This is one way of looking at completing the square, as represented by algebra tiles.

In algebra, completing the square is a mathematical method demonstrated by a man named al-Khwarzimi (780–850), who published a book that gave algebra its very name.

Suppose you were given the following mathematical expression: x2 + 16x. You have been asked to complete the square of this expression. How do you do that?

Here's how it's done:

1. Take the original expression...

2. Factor out the x...

3. Square the constant term (the term with no variable)...

(or )

4. And apply it to the original expression. All squared terms remain positive when completing the square of an expression.

Congratulations! You've completed the square!

When There's a Coefficient[edit | edit source]

When coefficients are involved, the only major difference is the inclusion of one step: dividing the entire expression by that coefficient.

For instance, let's say you were given the following expression: 4x2 - 16x.

It's very easy, you know. All you have to do is divide the entire expression by 4.

becomes .

Then, it's all downhill from here. Complete the square by following the steps above, and your answer should come up as this:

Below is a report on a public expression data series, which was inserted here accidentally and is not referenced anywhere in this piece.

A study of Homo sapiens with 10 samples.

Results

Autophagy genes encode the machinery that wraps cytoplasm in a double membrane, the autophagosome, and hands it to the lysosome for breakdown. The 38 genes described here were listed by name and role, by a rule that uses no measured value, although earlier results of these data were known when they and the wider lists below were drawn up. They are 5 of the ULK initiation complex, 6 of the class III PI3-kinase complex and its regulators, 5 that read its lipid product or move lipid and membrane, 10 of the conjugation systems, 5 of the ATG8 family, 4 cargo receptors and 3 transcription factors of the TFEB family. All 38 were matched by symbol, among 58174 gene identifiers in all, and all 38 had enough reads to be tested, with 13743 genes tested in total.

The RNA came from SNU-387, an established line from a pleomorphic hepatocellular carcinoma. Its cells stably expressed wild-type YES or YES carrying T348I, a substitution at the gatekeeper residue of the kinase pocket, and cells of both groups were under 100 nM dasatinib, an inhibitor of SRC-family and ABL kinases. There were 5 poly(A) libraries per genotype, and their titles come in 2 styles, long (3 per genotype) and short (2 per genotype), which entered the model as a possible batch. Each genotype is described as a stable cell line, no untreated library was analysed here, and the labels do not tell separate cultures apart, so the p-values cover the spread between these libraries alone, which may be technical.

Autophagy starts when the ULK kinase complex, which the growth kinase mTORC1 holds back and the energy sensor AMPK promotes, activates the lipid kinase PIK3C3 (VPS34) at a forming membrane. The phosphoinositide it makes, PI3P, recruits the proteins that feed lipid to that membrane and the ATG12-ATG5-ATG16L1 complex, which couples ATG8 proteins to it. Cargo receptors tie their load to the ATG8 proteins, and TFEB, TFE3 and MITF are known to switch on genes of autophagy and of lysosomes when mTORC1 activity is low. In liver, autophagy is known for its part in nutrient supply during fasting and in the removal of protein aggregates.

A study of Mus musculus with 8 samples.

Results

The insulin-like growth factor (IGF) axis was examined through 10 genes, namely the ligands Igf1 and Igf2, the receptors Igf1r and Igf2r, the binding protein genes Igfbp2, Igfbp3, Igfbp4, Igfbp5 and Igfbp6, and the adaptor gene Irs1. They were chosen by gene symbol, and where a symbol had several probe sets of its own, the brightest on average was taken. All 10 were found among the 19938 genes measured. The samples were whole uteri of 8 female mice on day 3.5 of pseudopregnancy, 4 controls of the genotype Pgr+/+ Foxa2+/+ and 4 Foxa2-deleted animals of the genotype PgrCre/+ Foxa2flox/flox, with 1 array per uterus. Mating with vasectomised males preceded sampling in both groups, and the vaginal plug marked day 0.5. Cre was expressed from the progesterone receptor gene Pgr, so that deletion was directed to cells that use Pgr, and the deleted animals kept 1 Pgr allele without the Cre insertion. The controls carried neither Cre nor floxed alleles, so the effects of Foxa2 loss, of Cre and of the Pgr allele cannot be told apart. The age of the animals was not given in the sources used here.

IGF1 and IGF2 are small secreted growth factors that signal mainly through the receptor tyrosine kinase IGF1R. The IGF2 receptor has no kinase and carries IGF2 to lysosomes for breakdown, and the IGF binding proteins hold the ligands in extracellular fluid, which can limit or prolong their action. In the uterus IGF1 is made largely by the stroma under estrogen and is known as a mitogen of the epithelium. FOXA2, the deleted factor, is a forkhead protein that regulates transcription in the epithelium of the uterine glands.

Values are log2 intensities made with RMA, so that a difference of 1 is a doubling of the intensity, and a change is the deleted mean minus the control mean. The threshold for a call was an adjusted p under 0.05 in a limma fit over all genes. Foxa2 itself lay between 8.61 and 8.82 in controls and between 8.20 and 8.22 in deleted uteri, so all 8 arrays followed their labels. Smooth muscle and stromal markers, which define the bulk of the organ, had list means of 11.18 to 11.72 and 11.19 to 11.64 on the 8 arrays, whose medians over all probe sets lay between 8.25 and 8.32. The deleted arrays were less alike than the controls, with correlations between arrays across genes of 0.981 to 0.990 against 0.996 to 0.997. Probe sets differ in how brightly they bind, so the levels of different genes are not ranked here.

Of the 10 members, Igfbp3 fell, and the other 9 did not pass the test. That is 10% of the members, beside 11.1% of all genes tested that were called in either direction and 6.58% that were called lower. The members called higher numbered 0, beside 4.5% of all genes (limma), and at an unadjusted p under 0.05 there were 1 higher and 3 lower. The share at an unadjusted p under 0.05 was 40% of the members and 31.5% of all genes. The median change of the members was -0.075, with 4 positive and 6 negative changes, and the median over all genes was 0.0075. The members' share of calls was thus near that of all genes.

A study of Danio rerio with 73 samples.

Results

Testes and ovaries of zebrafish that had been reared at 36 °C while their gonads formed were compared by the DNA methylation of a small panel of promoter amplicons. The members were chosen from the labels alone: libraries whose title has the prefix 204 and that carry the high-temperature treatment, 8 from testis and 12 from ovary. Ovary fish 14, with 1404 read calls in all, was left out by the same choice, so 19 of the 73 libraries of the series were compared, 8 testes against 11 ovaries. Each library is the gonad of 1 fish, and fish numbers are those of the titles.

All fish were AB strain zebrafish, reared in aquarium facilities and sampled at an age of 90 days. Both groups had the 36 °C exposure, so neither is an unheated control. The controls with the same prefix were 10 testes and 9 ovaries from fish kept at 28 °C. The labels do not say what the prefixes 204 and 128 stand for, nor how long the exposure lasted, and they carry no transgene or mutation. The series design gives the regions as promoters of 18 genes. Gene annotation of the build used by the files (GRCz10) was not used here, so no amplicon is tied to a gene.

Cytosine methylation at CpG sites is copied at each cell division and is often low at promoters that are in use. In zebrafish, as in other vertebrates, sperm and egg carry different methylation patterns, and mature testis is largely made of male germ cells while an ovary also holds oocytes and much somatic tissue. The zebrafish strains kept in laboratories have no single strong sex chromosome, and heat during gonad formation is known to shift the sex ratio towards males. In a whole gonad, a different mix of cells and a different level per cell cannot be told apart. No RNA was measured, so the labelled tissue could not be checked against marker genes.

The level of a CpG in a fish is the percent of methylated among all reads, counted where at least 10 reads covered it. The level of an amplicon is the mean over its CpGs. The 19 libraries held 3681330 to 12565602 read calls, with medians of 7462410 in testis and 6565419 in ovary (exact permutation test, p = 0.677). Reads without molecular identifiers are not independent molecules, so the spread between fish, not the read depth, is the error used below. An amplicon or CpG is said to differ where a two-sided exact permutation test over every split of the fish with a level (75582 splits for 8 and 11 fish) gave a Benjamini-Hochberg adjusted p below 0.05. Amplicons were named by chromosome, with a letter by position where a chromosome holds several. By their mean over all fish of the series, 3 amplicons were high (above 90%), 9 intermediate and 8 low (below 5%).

When the Linear Term Is An Odd Number[edit | edit source]

Suppose you were given the expression x2 + 7x. Here's what you do when the linear term is an odd number:

1. Factor out the x and put 7 over 2...

From to ...

2. Square the fraction (there's an easy way)...

3. And apply it to the expression. If you want to, you can simplify the improper fraction into a mixed number or decimal.

, which is also or

There you have it!

Completing the Square to Solve Quadratic Equations[edit | edit source]

Al-Khwarzimi showed how to solve quadratic equations by finding the square by:

1. Rewriting the original problem...

2. Moving the variables to different sides...

3. Factoring the quadratic and linear terms to complete the square...

4. Taking the square roots of both sides...

5. And, finally, simplifying the whole thing.

This is a little trickier, though it's easy once you get used to it.

Now, Try This![edit | edit source]

Complete the square to solve for x. Leave the answer in simplest radical form.